Risk of sustained person-to-person transmission of MERS-CoV is low
Following the detection of a suspected case of Middle East respiratory syndrome coronavirus (MERS-CoV) from among the 450 Haj piligrims who returned to the city on Sunday, experts involved in influenza surveillance have advised people not to panic as the “risk of sustained person-to-person transmission of MERS-CoV is low.”
Referred as Saudi Arabia’s SARS-like virus, the MERS-CoV infection is similar to the severe acute respiratory syndrome (SARS). According to the World Health Organisation (WHO), globally from September 2012 to date, a total of 151 laboratory-confirmed cases of MERS-CoV, including 64 deaths have been reported.
NIMHANS Registrar V. Ravi, who is in charge of National Influenza Surveillance Centre, said although the symptoms of this novel infection are similar to that of Influenza A (H1N1) there is no need to panic as MERS-CoV is not as infectious as H1N1.
He said as the virus was contagious, it was advisable for people to avoid direct contact with infected persons. “The infection in the lungs only accounts for 20 per cent of respiratory epithelial cells and can be caused by inhaling a large number of viruses,” he explained. Moreover, as the incubation period of MERS-CoV is 12 days, it is likely that the infection is not detected when the pilgrims land. Regular monitoring of the patient and precautions are a must, he added. A 42-year-old woman with symptoms of MERS-CoV who returned to Bangalore was referred to the Rajiv Gandhi Institute of Chest Diseases (RGICD) on Sunday.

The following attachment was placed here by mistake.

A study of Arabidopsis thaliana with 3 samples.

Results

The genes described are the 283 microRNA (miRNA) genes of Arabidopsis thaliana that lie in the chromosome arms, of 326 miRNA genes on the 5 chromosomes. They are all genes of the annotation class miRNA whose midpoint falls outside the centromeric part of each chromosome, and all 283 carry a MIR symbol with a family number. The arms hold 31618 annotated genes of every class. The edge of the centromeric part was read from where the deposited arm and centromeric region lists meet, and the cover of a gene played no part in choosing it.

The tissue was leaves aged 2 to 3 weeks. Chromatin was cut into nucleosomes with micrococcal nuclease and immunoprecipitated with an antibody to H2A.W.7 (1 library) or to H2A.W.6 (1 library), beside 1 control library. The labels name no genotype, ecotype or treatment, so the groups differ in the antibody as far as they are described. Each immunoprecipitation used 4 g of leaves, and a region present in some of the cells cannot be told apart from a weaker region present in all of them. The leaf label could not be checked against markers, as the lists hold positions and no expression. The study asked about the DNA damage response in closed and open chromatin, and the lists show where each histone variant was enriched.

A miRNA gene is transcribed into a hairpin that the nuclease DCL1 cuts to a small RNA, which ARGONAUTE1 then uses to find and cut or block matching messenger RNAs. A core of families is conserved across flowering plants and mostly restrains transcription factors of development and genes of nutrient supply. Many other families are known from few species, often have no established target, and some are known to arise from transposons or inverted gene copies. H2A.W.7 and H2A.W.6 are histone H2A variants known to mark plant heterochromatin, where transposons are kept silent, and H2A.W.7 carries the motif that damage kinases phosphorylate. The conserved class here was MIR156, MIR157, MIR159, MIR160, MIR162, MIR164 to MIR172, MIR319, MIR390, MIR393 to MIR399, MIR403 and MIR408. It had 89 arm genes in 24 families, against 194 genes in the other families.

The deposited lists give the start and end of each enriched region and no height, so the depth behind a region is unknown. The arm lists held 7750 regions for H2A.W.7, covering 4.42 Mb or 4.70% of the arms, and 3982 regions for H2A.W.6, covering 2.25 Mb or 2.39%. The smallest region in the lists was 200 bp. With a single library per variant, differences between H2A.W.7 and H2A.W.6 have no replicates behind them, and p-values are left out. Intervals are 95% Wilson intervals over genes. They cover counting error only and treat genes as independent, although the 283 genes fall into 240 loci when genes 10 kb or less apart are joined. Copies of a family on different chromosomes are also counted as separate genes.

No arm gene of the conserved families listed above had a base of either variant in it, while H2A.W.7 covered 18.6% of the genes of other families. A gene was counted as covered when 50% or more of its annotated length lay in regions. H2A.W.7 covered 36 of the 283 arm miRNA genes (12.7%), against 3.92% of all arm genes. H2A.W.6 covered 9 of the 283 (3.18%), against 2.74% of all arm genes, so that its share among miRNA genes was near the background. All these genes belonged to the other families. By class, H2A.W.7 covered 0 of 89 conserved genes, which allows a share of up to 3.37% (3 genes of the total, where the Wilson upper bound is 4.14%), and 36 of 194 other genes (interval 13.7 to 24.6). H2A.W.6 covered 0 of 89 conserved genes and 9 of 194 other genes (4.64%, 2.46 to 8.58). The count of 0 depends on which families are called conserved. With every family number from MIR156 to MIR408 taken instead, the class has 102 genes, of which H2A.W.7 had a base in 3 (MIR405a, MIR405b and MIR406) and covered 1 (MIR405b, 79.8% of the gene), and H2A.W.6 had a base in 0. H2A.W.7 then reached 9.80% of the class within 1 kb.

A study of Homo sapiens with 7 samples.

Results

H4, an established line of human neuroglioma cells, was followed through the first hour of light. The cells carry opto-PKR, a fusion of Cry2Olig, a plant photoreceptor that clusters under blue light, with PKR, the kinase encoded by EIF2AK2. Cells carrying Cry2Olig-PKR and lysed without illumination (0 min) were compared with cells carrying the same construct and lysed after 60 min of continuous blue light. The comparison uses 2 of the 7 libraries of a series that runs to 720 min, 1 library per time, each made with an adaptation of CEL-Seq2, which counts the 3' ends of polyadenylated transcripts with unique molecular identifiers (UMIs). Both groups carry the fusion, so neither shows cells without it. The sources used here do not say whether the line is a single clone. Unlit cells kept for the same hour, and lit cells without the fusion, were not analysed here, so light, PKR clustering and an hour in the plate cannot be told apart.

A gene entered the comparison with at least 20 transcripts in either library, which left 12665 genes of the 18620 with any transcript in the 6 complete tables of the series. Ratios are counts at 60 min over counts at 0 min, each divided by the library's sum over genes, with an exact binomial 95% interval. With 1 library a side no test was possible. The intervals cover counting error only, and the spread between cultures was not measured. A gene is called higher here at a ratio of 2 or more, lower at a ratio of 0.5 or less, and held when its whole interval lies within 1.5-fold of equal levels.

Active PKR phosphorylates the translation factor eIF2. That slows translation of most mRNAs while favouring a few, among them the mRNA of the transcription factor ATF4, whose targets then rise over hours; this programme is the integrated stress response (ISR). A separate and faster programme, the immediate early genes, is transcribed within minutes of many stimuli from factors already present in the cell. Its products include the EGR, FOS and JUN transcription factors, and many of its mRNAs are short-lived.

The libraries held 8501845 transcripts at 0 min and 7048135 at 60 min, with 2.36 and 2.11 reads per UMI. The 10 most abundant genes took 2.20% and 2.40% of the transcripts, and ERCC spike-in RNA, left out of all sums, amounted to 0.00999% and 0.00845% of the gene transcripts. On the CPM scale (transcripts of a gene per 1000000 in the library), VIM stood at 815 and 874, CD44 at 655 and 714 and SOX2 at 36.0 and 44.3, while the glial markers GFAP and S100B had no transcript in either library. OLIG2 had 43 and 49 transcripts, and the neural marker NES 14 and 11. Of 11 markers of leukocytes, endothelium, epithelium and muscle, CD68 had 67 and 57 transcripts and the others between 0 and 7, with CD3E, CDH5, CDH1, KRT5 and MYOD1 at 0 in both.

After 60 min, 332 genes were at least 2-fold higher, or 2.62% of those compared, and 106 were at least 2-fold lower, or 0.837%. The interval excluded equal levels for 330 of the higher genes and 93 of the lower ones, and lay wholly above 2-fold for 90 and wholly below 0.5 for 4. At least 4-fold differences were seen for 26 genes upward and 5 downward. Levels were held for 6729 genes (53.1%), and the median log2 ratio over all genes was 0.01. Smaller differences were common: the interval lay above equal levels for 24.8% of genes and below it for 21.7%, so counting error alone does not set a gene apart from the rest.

Shashidhar Buggi, Director, RGICD, said that the patient’s throat and nasal swabs had been sent to the National Institute of Virology (NIV) in Pune for tests. The patient was not admitted to the hospital as she only had mild cough and suffered a sore throat, he informed. Meanwhile, the State Health Department have finally begun screening returning pilgrims from November 6. A team of three doctors have been deputed at the Bengaluru International Airport.
Health Commissioner V. B. Patil told The Hindu that all the District Health Officers (DHOs) had been directed to deploy staff at the airports in their jurisdiction for screening.
Syed Muniyaz and Mohammed Hussain, who returned from Mecca on Monday appreciated the healthcare facilities provided by the Indian Government in that country for pilgrims.
“One dispensary was set up for every four blocks for people to report any symptoms. Because of the hot weather, most pilgrims depend on cold water and juices and are prone to cold and cough. However, none in our group of 450 pilgims had any major problem,” said Mr. Muniyaz.